Today’s “Watch A Day” is a “Hi-Beat” Seiko Lord Marvel, with a 10 Hz escapement, wonderful textured dial, and retro domed crystal. It’s an occasional wearer for mine, but I love that fast ticking sound!
Once watchmakers perfected the basic elements of portable timekeeping they turned to a quest for accuracy. The chronometry competitions run at Swiss and German observatories in the 1950s and 1960s are legendary, but they seem quite quaint now. After all, even a basic quartz movement would top most mechanical watches.
One way to achieve accuracy was to speed the rate of oscillation. If producing a viable escapement is the most technically challenging feat of watchmaking, increasing performance is a serious claim to credibility.
Swiss watchmakers moved to “high beat” movements in the 1960s, and Seiko of Japan was quick to follow. They launched a number of such movements within a few years, with rival studios Suwa and Daini launching the 4500 and 6100 families within a year of each other. These were still somewhat experimental and required hand construction, and were not much more accurate than the mass-produced Cal. 5600 family. But Cal. 5740 was produced in larger numbers and is quite interesting since it is an evolution of the original Grand Seiko movement.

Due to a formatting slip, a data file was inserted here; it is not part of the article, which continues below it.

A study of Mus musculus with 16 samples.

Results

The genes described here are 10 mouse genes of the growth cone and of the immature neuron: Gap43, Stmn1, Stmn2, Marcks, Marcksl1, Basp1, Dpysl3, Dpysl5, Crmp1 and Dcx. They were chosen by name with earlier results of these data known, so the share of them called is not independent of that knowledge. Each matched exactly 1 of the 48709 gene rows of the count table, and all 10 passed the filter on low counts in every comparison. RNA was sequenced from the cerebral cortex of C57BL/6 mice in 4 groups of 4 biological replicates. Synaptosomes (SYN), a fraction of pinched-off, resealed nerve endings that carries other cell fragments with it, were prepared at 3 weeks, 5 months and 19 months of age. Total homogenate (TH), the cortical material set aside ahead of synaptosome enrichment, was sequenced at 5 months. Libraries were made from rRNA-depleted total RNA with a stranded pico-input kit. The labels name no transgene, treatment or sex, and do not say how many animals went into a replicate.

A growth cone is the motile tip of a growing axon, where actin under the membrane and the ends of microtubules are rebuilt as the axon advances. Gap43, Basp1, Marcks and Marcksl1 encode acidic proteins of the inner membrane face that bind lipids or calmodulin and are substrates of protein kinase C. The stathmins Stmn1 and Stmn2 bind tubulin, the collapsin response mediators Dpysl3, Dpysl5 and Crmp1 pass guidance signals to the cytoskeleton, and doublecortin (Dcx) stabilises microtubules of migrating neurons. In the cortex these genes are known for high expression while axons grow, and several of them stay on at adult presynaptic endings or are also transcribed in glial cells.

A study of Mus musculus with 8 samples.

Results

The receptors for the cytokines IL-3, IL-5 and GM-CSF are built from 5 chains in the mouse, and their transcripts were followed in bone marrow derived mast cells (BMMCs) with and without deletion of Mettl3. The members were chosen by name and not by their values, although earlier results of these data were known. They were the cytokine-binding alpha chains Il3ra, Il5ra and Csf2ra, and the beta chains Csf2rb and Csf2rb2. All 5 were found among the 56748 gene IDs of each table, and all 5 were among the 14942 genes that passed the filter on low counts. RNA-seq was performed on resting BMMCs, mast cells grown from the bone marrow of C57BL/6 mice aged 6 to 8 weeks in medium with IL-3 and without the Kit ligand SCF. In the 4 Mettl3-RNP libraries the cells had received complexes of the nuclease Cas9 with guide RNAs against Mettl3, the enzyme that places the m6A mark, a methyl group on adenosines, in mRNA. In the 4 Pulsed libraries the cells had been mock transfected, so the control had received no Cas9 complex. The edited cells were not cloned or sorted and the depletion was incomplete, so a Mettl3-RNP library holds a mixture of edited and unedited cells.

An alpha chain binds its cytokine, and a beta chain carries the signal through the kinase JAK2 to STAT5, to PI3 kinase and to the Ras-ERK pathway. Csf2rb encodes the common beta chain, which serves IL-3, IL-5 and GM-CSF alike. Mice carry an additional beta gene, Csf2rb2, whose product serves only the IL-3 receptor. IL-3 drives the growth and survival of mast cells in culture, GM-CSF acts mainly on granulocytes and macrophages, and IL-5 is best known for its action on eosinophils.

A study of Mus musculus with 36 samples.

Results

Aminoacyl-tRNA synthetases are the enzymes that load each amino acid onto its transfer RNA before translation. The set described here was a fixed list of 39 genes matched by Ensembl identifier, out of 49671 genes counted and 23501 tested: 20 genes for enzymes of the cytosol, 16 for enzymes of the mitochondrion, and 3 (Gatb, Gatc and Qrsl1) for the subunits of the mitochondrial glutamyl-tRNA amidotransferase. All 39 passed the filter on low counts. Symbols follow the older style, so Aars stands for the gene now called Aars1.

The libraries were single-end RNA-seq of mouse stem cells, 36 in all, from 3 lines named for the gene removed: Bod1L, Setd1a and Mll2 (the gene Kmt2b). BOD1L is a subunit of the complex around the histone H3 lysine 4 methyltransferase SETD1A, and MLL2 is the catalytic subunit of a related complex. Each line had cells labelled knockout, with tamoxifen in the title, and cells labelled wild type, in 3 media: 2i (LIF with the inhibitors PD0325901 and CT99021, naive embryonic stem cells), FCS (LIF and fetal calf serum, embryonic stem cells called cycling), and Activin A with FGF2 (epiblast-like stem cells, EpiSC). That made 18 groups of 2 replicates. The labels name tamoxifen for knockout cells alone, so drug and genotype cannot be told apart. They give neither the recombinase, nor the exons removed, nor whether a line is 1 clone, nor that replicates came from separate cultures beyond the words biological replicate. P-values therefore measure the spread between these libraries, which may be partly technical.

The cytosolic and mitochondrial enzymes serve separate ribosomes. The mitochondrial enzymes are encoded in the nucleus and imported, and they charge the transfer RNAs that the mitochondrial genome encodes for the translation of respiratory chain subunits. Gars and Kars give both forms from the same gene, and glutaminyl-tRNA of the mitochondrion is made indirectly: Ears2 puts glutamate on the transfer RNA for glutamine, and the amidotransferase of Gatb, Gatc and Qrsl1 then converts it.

Given this history, I searched for a good Cal. 5740 watch for a while before finding this Lord Marvel. I wanted a “wearer” so skipped the high-dollar examples and focused on movements that had been serviced prior to purchase. This one came from Antique Watch Bar in Singapore, a source I’ve come to trust for wearer-quality Seiko watches. It had been serviced and came with a new strap and is in fairly good shape. The service was especially important – high-beat movements wear quite hard, and there’s no telling what the state of the lubrication would be without opening it up.
On the wrist, the Lord Marvel is a joy. The profiled case and lugs fit close to the wrist and the contoured case doesn’t snag on cuffs. The crystal is high and domed, as was popular at the time, and gives it a real retro feel. And I love the textured dial and applied Arabic markers. The crown is easy to pull and turn but winding is strangely springy and loose, with a hard stop at the end always coming as a surprise.
Movements were not usually decorated or finished in the 1960s but it would be nice to be able to see that fast-moving balance wheel. Still, Seiko is kind enough to encode the date of production in their serial numbers. This one was made in April 1970, right in the middle of Cal. 5740 production. That also bodes well for reliability.
The Lord Marvel is more of a novelty for me than a daily wearer. When I do pull it out of the watch box, I enjoy the look and comfort and especially that 10 Hz tick!